Why? Radio


Evan Boucher

Document Type

News Article

Publication Date


Campus Unit

College of Arts & Sciences


Over the past couple of years, Why? Radio, a live, unscripted, call-in philosophy radio show, has become a staple in National Public Radio’s lineup for Prairie Public Radio in North Dakota. Host Jack Russell Weinstein is a Professor in in the Department of Philosophy and Religion at the University of North Dakota. Over time, the show has largely remained true to its original intent of fostering dialogue, but now garners a larger audience than when it started (even in Bahrain).

“It’s much larger than anyone would think,” said Weinstein. “We’ve really managed to balance the cosmopolitan with the North Dakota ethos. Rural North Dakota requires a different rhetorical strategy than, say, Los Angeles, but people’s interests are almost always the same wherever they live. The key is to not rely on the standard set of examples when you’re talking about things. We don’t stereotype; we find common ground.”

In essence, the program is a philosophical dialogue. It hosts different, increasingly famous, philosophers and intellectuals in order to “celebrate their research” in a way that is accessible to everyone. Weinstein says all philosophy needs is a “translator” between the academic and the everyday. The show strives to be just this.

Why? is broadcast throughout North Dakota and is simulcast online around the world at www.whyradioshow.org. It invites all its listeners to call or write-in with questions or comments before, during and after each program. This helps direct the conversation. It also gives guests the opportunity to expand upon his or her ideas in a lengthier manner than a usual talk radio show, which only features guests for a few moments or immediately engages in argumentative dialogue.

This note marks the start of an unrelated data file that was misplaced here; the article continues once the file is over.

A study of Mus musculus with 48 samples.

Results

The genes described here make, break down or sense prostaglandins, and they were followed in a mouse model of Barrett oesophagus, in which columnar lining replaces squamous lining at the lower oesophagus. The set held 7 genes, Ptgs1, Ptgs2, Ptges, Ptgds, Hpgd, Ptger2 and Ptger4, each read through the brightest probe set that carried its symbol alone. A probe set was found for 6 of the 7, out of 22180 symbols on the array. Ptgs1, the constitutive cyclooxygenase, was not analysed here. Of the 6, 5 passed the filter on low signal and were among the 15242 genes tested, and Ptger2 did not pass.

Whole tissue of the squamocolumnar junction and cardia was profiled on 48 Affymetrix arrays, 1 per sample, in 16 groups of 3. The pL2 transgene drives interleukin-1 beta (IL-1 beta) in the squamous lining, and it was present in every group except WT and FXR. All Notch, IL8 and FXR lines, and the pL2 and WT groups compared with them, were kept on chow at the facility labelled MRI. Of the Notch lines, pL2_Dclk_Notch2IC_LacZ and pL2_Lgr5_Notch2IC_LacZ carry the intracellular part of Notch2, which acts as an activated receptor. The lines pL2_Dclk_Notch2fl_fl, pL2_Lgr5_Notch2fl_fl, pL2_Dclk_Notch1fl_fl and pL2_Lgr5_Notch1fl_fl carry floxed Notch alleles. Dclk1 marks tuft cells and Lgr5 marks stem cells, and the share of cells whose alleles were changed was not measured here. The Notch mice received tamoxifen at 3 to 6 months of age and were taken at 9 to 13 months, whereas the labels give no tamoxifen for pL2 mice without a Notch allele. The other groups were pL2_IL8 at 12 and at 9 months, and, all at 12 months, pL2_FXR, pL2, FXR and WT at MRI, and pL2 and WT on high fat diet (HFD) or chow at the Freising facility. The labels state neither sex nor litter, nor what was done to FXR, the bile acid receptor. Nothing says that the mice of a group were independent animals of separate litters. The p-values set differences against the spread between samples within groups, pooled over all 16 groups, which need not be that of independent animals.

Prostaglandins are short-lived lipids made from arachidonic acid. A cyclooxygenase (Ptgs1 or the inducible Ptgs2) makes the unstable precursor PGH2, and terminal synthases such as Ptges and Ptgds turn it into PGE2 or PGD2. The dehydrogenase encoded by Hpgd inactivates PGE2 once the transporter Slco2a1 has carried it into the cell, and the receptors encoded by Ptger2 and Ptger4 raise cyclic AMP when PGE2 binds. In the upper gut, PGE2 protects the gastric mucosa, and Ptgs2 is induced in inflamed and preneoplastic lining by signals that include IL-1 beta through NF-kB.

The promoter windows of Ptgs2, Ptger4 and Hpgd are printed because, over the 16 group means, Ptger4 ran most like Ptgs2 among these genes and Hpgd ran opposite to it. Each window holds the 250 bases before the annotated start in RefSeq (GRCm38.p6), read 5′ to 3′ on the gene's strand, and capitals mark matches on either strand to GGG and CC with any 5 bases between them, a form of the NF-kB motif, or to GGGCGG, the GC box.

“We get gentle and kind discussion. Our listeners are not adversaries. Everyone is on the same side, even if they disagree with one another. The topics that have been the most inspiring to our audience have emphasized education. We also got a lot of enthusiasm about the episode on the rhetoric of American decline,” said Weinstein. “Interestingly, there seems to be no correlation between how famous a person is and how many people email or call. There is strong loyalty to the show itself, probably because we engage people’s minds while being very good natured.”

The show has featured a variety of thinkers from many backgrounds. Weinstein has hosted both Amaryta Sen, a Nobel Prize winner in economics who created an economic system to measure people’s welfare, and has discussed the Ghostwriting topic of “Fiction as Philosophy”. The differences between these two highlight Weinstein’s approach: giving everyone the floor to engage their research with the public.

The show is affiliated with the Institute for Philosophy in the Public Life (IPPL), a UND institute founded by Weinstein that makes philosophy more accessible and less daunting (a major goal of Why? Radio). It is funded as a partnership between the UND College of Arts & Sciences and the North Dakota Humanities Council.

Discussing his technique as a host, Weinstein commented, “The key is to balance the academic/non-academic thing. Folks with an academic background get resistant because they think you’re talking down to them, while non-academics become defensive because they think you don’t value their opinion. We want to overcome both of these attitudes. We want the participation of all people, professional or amateur. Commenting on this balancing, he said, “It’s a constant struggle. It forces me, as the host, and our guests, to be really careful about falling into jargon or talking about things in a professional capacity that you can get by without saying.”

Despite clear knowledge of his audience base, Weinstein still works to improve as a host and even brought in a consultant affiliated with NPR to take a look at his show, helping him find ways to improve his radio presence. The show originally followed a rhythm similar to a classroom, building from general principles to examples and specifics. But radio as a medium, Weinstein explains, does not allow for a single block of time, since listeners are “tuning in and tuning out” during the show. He had to rethink his role and the structure of the show but is confident that each show is better than the last.

The next season, if anything like past seasons, will bring in big names and big ideas. The program airs the second Sunday of every month at 5 p.m. central. Past episodes are available as podcasts or at the online archive.